Park users asked to respect road closures

Mill Creek MetroParks leadership is asking patrons to follow road or trail closures — not because they simply say so, but because it’s a matter of safety.

“There’s reasons why there are certain places in certain parts you can’t be at,” James Willock, the park district’s police chief, said.

One area in particular that people seem to ignore the warnings is on East Newport Drive, where the road is closed to all traffic due to a significant slope toward the lake.

Once park maintenance crews observed asphalt cracking earlier this year, they took the issue to the planning department for further consideration.

The road has been closed all summer, said MetroParks Executive Director Aaron Young, because an engineering firm is measuring the rate at which the slope is growing.

Samer Awadallah, a project engineer with CT Consultants, explained that the company hired the structural engineering firm SME of the Columbus area to investigate what is causing the slope.

“They went to the site and found it appears to be continuous movement,” Awadallah said.

SME drilled to bedrock, installing a device to monitor the shifting over a period of time.

As the firm continues to study what is causing the road’s sloping behavior, Awadallah said a recommendation for a solution will be presented to the park administration, which would include cost and a timeline of when work can be completed — something Young is hopeful can be done in 2021.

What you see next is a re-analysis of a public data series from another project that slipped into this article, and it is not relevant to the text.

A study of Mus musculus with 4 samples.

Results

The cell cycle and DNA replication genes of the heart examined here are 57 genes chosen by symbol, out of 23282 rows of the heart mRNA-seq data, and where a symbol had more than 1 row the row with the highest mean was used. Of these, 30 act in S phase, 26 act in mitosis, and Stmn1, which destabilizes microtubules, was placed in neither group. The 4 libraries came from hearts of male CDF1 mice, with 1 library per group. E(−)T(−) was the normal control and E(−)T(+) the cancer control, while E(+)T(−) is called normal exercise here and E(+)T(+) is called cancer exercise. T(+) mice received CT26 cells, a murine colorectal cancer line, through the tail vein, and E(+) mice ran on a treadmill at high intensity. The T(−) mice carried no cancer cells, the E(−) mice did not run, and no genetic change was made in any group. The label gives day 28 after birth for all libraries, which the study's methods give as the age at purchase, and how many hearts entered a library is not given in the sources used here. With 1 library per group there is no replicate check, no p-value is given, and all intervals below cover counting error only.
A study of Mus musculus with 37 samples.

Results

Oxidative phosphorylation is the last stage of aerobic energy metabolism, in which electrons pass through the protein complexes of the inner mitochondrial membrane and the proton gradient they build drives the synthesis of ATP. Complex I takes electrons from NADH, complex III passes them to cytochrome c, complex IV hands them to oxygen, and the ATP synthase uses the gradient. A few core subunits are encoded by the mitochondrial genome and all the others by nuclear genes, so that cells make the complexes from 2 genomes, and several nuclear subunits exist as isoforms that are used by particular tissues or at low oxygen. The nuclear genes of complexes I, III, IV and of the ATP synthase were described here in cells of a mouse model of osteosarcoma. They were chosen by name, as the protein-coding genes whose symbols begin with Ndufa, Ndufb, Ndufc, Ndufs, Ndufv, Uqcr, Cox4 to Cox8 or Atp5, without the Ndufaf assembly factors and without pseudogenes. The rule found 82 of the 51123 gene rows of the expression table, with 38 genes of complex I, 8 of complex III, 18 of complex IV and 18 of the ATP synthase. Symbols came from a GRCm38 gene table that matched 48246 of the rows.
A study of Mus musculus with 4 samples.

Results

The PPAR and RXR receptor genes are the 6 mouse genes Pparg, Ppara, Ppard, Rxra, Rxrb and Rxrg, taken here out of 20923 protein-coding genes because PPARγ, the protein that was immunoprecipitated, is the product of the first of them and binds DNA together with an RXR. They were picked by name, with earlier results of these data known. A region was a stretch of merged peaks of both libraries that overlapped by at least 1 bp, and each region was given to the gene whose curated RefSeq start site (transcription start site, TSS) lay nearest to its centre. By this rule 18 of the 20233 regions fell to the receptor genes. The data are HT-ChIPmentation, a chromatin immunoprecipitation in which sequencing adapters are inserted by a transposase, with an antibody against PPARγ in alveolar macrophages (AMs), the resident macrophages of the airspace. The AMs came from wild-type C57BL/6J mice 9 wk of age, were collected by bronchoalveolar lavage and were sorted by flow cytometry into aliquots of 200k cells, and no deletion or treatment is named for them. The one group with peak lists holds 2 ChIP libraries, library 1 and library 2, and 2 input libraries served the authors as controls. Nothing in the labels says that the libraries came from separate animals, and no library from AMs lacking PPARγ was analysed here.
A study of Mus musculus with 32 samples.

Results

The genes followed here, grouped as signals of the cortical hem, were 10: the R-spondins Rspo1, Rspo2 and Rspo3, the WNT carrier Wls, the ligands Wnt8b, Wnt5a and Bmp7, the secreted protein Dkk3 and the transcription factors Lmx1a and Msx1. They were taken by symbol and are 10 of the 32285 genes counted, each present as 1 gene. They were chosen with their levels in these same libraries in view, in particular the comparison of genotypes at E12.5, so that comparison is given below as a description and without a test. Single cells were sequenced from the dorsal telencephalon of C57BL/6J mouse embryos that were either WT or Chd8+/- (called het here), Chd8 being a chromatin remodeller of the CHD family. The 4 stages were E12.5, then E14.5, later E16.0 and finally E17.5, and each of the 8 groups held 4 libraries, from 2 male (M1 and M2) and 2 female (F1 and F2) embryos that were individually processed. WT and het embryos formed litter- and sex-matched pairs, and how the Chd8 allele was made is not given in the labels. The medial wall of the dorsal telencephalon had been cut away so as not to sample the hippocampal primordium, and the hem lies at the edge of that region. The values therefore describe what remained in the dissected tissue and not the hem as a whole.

When the cracks in the pavement first were noticed, Awadallah and Young said they measured just about 4 inches, and as of right now the slope at its steepest is just over 4 feet, Young said.

Awadallah said that previously, the park replaced the pavement when cracking in the area appeared, but “it did not work out,” adding: “It’s more critical.”

Also critical is signage at the road closure, and people staying away from the area.

“It’s really important staying away from there. … It’s not stable. Anything that’s not stable you should not be right by it. As much as you can, stay away from it,” Awadallah said.

There are signs that announce the closure. Earlier in the season, there was more of a warning sign, but Willock said someone took it.

“There was one (sign) on each end,” he said.

Other closures in the park system also are experiencing people not following the notices.

The Canfield bikeway was closed between state Route 446 and Herbert Road as it saw repairs starting Aug. 10, with walkers and bicyclists moving barricades and signs to walk through the construction site.

That poses a safety hazard to the park patrons, Young said, as well as to the construction workers who also have to keep an eye out for others when the area is closed.

In the last two months, Willock said people have moved barricades at the area known as “the flats” for ongoing improvement projects that closed the section for parking.

“We had fresh paint, fresh concrete… People move (the barricades) and go right in there” to park their vehicles, he said.

As a result one morning, Willock said the crews had to wait until the people came back to their cars and left, which pushed the work back a day.

To help with the issue of people going beyond closure signs, Willock said he’s had to take his already smaller staff of five to six officers to sit for hours at places such as East Newport Drive, when they should be checking other parts of the county that have satellite parks.

Besides areas being closed for safety and scheduling, if a person falls or gets injured, it might take awhile before emergency personnel are notified and make it to the scene, Willock said, especially as is the case on Newport.

“It’s a dangerous area. That area could fly downhill any time,” he said.